What goes up …

LIHUE — Kauai County Council Vice Chair Ross Kagawa said he believes the seven-member board made a mistake two months ago when it passed the state’s first variable rate structure for refuse services, called pay as you throw, that’s based on how much people throw away. 

Higher fees and different options for waste receptacles, he contends, won’t reduce waste but could place a financial burden on cash-strapped residents once the pay as you throw program rolls out on July 1.

Now that there are new members on the County Council, Kagawa said he would like to revisit the recently approved fee structure. 

That bill is now headed for a public hearing on Jan. 14 after the board agreed, by a 4-3 vote, to consider the proposal. After the public hearing, the bill will be taken up by the County Council’s Public Works Committee on Jan. 22.

“I think it’s unfortunate that he (Kagawa) is proposing that because the law, as it’s presently set up, is designed to promote recycling based on experience throughout the country,” said Councilwoman JoAnn Yukimura, who along with Councilman Gary Hooser and Councilman Mason Chock Sr., cast the dissenting votes against the bill.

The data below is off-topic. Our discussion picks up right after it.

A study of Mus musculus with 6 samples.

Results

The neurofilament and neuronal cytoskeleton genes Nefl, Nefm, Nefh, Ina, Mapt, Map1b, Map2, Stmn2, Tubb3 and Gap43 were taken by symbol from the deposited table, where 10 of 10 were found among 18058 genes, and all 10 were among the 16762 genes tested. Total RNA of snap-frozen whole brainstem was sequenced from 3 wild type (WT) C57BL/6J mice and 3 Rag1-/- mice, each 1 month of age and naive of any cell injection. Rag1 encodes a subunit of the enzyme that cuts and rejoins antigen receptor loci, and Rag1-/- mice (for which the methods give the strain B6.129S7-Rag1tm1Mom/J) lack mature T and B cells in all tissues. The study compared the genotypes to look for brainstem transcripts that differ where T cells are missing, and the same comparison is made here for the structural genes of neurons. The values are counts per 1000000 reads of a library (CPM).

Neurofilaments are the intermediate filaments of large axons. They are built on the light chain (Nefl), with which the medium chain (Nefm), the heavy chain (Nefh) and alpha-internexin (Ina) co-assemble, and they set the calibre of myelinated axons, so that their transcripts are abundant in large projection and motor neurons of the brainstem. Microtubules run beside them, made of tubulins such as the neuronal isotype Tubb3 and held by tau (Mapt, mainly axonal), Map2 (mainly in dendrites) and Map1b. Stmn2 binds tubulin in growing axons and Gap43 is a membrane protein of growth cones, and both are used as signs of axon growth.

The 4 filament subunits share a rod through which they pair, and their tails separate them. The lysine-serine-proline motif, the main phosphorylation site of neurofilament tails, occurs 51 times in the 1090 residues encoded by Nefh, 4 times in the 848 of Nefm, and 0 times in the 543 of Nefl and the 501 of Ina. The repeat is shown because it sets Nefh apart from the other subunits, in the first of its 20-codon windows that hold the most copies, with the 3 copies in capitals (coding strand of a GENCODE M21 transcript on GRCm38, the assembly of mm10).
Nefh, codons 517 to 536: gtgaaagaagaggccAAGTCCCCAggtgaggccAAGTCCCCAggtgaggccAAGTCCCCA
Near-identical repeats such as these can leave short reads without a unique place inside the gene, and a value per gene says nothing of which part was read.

Under the bill’s proposed changes, the county’s base $6 refuse collection fee, which provides residents with access to the county’s five refuse transfer stations, would remain the same. But the additional monthly fee for those residents who choose to have a 64-gallon waste receptacle, or two 32-gallon carts, for weekly pickup would be reduced from $4 to $3. Their total monthly assessment, in turn, would be $9 instead of $10, if the changes are approved. 

Meanwhile, additional fees for residents who opt to have a 96-gallon cart, or three 32-gallon carts, would be reduced from $12 to $6. This would slash the total monthly assessment for these residents from $18 to $12, under the proposed changes.

County officials, however, say the proposed changes would generate less money for waste diversion programs than the existing pay-as-you-throw fee structure and may come at a cost to taxpayers. 

“We do not feel the proposed bill will allow us to reach our diversion goals,” County Solid Waste Program Development Coordinator Allison Fraley wrote in an email. 

The difference in fees between the two trash cart options in Kagawa’s proposal, she said, are not wide enough to motivate people to recycle more. 

The adopted pay-as-you-throw fees are expected to generate around $3 million in revenues. The proposed scaled-down version, meanwhile, would raise about $510,000 less than that.